We are delighted to announce the launch of Lawfare's new subsidiary page, called Aegis: Security Policy in Depth.
Aegis is designed to focus on work of greater length and depth than we normally run on Lawfare, exploring legal and policy issues at the intersection of technology, national security, and law. Published in partnership with the Hoover Institution National Security, Technology and Law Working Group, which we co-direct, it will feature the long-form essays of the working group, examine major new books in the field, and carry the podcasts and videos or the working group’s events in Washington and at Stanford. It will undoubtedly do other things too that we haven't thought of yet.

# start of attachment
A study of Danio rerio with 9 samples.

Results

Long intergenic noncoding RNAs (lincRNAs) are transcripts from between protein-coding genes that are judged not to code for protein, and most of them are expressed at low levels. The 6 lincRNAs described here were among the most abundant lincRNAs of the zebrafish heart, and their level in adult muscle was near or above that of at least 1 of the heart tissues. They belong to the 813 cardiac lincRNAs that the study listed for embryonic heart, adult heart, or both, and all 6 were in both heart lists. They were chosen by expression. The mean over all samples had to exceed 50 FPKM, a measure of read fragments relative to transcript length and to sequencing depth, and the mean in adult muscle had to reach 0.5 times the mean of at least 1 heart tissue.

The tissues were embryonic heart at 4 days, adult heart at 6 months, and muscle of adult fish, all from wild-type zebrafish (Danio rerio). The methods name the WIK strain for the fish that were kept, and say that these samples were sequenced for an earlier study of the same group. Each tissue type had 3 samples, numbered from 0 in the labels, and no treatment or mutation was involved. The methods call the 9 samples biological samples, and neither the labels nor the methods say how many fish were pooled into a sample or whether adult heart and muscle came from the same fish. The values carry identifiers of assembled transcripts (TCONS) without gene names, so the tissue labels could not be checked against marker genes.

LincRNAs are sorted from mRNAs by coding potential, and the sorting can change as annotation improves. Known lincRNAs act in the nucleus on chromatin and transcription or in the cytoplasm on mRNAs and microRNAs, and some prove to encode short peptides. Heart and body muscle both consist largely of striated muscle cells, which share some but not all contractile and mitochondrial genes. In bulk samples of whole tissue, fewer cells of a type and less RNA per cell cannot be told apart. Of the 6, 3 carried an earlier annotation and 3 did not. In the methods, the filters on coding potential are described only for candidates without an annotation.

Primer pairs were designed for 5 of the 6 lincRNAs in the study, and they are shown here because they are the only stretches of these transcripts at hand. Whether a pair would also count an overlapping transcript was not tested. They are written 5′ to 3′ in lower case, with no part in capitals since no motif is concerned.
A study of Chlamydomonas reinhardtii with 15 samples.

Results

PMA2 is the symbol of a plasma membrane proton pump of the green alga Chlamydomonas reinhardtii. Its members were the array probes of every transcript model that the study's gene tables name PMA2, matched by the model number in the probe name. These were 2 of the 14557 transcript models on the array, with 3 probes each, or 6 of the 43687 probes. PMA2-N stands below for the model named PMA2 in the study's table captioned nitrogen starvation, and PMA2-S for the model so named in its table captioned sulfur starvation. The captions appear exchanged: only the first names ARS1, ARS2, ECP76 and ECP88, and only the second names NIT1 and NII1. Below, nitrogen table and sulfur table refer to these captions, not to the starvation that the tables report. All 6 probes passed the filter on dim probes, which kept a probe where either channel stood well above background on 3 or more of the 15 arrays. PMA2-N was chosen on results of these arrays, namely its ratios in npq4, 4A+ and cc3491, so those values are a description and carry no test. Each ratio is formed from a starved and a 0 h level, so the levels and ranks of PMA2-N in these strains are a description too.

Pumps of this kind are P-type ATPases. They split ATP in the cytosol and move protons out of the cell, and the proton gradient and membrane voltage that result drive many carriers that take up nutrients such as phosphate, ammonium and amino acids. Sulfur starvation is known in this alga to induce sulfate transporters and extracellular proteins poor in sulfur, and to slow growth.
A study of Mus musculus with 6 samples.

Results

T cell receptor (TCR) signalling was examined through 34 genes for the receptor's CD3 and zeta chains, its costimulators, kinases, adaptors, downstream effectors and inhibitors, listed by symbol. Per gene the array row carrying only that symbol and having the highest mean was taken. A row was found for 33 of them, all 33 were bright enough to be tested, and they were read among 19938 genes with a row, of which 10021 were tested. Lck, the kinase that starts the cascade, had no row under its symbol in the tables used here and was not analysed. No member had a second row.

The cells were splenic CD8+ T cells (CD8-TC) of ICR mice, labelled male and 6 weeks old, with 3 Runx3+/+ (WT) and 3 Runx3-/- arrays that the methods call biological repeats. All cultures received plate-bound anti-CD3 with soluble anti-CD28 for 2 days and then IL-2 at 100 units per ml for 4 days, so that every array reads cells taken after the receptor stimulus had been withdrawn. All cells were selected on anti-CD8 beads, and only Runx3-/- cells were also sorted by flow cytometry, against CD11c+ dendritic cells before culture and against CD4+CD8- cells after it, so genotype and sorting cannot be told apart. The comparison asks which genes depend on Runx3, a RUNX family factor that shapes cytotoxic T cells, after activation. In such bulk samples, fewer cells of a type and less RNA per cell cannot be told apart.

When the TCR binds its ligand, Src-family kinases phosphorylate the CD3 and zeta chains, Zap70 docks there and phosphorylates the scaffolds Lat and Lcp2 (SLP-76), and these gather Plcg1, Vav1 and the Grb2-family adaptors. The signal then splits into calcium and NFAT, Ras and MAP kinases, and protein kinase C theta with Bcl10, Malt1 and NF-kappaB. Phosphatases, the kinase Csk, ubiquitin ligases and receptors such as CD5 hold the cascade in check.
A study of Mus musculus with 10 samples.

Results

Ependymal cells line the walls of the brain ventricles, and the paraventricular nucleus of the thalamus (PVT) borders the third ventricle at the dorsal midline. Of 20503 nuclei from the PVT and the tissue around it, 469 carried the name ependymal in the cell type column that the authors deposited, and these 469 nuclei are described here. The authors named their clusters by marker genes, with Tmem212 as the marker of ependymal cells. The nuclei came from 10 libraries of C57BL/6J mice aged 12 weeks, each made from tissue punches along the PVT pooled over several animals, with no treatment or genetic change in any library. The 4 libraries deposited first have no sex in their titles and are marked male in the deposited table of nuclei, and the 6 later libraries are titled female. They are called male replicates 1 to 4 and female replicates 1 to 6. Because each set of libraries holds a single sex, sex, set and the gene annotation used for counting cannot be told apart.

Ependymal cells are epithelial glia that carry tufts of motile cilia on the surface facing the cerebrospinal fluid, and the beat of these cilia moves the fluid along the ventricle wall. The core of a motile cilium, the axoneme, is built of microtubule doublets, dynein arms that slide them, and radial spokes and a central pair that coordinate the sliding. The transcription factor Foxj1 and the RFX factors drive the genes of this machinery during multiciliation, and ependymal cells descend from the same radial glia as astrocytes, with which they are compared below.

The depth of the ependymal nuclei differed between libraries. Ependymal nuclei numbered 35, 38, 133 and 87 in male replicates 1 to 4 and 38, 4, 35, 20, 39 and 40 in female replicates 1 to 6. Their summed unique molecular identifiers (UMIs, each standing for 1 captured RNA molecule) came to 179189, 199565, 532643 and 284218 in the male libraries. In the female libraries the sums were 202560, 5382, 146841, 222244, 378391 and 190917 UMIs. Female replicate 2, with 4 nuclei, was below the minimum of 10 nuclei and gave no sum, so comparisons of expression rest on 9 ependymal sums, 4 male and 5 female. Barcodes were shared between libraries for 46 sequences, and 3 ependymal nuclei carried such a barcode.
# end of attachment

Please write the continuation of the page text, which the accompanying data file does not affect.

As readers know, the working group has already begun a regular series of book soirees (the next one is taking place on March 11 and will feature Gen. Michael Hayden and you should come) that we are also featuring on the Lawfare Podcast.
Today, we are launching the working group's second major initiative: a paper series on legal policy in national security and technology. The first six papers in the series will all involve different perspectives on a common theme: the next phase of surveillance reform, which Congress will undertake next year as a result of the sunset of the FISA Amendments Act in December 2017. We could not be more thrilled to have, as the series's initial offering, this paper by David Kris, entitled "Trends and Predictions in Foreign Intelligence Surveillance The FAA and Beyond."